While progress is evident on a number of girls' issues—their educational attainment has increased and the teen birth rate is at its lowest recorded level, for example—not all girls have made the same amount of progress, one of the speakers, Kamla Modi, a research and outreach analyst with theĀ Girl Scout Research Institute, said.

A 2013 report Girls Scouts of the USA conducted with the Population Bureau found that a larger share of females are graduating from high school than males, and they outnumber men at college, but 16 percent of Latina girls drop out of high school, more than twice the national average (of 7 percent for girls and 9 percent for boys), Modi said. Higher poverty rates among African American and Latina girls also create a disparity in access to good healthcare and general wellness.

Other concerns include the fact that leadership is not a top goal for girls, Modi said. Only 39 percent nationwide say they "want to be a leader," according to Girl Scouts research. African American girls and Latina girls are more open to the idea than white girls, with 53 percent of blacks and 50 percent of Latinas saying they want to be leaders.

Staff attitudes towards girls at after-school and summer programs can have a big impact, Brenda Stegall, the director of program and training services for Girls Inc., observed.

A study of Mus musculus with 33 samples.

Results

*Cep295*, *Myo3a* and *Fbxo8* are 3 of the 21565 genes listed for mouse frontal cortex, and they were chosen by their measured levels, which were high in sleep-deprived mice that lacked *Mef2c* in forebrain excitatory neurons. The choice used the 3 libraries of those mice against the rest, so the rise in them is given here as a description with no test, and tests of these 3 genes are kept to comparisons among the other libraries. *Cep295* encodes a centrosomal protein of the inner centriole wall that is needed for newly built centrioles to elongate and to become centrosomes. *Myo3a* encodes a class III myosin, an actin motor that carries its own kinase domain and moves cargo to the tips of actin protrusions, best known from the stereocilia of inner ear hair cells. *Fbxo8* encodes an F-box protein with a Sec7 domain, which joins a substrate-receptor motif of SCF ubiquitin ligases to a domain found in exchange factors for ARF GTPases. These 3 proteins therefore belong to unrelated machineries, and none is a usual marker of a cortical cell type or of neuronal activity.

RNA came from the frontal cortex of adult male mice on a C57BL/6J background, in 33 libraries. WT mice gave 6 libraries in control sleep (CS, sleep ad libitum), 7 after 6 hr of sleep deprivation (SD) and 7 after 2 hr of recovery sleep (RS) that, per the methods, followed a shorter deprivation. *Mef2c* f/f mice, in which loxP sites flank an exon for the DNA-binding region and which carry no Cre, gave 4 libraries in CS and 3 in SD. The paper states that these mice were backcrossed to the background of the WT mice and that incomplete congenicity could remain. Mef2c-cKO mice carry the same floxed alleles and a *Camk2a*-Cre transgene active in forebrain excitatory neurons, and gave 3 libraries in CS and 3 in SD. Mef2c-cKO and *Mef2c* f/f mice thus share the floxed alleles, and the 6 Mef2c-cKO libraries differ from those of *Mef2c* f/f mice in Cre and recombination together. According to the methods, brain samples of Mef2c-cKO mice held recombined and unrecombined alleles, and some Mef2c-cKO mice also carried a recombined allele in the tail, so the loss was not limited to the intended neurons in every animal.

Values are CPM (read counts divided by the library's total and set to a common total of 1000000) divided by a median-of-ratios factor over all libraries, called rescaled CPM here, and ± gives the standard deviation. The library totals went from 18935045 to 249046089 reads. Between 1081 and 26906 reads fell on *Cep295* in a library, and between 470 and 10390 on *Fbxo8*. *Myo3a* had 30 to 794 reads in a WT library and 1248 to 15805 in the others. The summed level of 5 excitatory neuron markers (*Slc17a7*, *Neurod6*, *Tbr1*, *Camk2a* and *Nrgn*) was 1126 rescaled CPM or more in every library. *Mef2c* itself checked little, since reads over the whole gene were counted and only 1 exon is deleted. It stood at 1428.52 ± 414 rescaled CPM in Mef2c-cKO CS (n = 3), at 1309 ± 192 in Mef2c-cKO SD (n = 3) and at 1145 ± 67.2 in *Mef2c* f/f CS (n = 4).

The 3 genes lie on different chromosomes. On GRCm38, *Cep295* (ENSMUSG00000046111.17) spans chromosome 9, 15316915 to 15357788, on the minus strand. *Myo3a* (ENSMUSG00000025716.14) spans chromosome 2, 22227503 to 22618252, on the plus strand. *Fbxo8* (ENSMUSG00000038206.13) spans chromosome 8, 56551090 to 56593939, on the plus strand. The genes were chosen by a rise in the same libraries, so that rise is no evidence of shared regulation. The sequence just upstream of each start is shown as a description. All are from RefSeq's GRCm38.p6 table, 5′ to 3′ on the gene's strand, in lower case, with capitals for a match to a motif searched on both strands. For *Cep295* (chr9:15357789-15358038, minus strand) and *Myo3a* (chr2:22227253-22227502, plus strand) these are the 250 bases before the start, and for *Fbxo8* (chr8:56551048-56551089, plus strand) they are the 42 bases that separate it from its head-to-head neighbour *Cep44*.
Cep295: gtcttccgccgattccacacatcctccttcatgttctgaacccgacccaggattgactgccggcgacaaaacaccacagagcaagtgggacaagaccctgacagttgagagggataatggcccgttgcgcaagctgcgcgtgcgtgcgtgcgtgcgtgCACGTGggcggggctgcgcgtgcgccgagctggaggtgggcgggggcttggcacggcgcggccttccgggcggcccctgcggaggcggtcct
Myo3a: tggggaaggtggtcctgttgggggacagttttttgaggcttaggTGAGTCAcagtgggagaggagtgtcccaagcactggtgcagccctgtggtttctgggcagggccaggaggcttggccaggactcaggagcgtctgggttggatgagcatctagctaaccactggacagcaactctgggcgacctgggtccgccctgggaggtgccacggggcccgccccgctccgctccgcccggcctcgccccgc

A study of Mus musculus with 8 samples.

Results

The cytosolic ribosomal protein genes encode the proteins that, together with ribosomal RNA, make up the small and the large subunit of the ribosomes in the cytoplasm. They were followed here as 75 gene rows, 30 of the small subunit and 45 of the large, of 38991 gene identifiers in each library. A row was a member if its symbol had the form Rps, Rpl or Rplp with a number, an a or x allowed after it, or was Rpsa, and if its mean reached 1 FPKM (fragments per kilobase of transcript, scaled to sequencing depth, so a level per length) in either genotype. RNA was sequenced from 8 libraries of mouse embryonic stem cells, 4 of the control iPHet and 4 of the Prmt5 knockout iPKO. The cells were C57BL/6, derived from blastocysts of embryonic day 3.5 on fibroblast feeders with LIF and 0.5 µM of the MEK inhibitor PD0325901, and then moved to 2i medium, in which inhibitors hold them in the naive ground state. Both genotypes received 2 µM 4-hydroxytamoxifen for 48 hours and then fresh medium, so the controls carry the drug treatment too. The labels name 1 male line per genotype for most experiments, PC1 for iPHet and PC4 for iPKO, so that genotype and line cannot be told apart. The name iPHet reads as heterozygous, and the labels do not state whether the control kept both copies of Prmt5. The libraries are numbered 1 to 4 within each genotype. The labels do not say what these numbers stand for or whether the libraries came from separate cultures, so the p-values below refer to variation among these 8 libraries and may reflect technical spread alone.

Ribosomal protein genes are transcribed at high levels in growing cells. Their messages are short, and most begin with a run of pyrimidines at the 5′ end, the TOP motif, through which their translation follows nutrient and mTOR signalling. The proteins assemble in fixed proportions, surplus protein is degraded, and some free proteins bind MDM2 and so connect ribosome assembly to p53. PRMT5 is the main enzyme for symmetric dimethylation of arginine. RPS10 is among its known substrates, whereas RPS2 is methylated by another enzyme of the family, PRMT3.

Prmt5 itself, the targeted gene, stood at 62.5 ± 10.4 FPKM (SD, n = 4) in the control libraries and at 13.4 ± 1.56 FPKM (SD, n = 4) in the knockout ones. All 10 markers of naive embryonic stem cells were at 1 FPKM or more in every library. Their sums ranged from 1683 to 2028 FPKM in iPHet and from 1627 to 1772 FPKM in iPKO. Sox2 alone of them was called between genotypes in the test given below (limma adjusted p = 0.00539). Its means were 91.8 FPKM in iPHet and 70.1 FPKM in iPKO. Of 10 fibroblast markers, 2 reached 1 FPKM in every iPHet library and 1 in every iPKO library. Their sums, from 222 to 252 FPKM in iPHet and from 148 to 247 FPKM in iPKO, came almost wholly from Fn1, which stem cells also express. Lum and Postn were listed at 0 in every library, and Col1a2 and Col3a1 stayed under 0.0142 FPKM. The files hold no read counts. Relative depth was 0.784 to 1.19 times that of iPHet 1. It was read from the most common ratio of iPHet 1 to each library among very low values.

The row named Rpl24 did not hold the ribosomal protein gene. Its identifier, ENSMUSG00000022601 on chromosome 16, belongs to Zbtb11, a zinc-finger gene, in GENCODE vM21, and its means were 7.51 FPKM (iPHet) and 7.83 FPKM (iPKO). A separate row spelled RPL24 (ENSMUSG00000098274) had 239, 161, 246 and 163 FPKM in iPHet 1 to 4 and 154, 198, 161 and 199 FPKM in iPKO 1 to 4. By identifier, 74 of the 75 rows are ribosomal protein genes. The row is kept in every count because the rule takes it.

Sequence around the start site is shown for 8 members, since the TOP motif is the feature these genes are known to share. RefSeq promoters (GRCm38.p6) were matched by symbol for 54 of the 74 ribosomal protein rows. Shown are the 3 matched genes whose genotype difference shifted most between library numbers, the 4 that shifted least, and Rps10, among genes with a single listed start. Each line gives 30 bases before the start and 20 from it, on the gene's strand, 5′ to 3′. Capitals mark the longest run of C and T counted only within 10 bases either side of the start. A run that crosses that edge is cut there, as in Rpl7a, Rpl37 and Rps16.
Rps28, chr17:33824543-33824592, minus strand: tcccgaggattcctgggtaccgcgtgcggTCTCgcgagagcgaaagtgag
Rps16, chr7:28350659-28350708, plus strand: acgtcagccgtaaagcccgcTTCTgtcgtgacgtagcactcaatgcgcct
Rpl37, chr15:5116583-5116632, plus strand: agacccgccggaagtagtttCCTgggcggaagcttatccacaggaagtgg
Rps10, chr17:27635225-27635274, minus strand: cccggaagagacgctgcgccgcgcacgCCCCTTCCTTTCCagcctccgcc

"Girls ... have the right to express themselves with originality and enthusiasm," she said. "As a youth worker or educator, you can ask girls for their opinion, encourage healthy debate on issues, and acknowledge their good thinking. We also want girls to take risks, to strive freely, and take pride in success. To do this, we really need to avoid rescuing girls and encourage them to make an imperfect product, to get dirty, disheveled, and sweaty in pursuit of a goal, and then to make big, interesting mistakes."

Other program features Girls Inc. has found helpful in developing strong, smart, and bold young women, according to Stegall, include: providing a girls-only environment in which females feel comfortable speaking with each other and adult mentors; activities that are hands-on, challenging, and fun; and long-term participation in programs that build up their skills and help them make positive choices.

"We have to provide intentional experiences and opportunities that broaden girls' horizons and counter stereotypes," Stegall said. "Just coming in for the afternoon and playing all day or sitting and talking all day doesn't really get us where we need to go."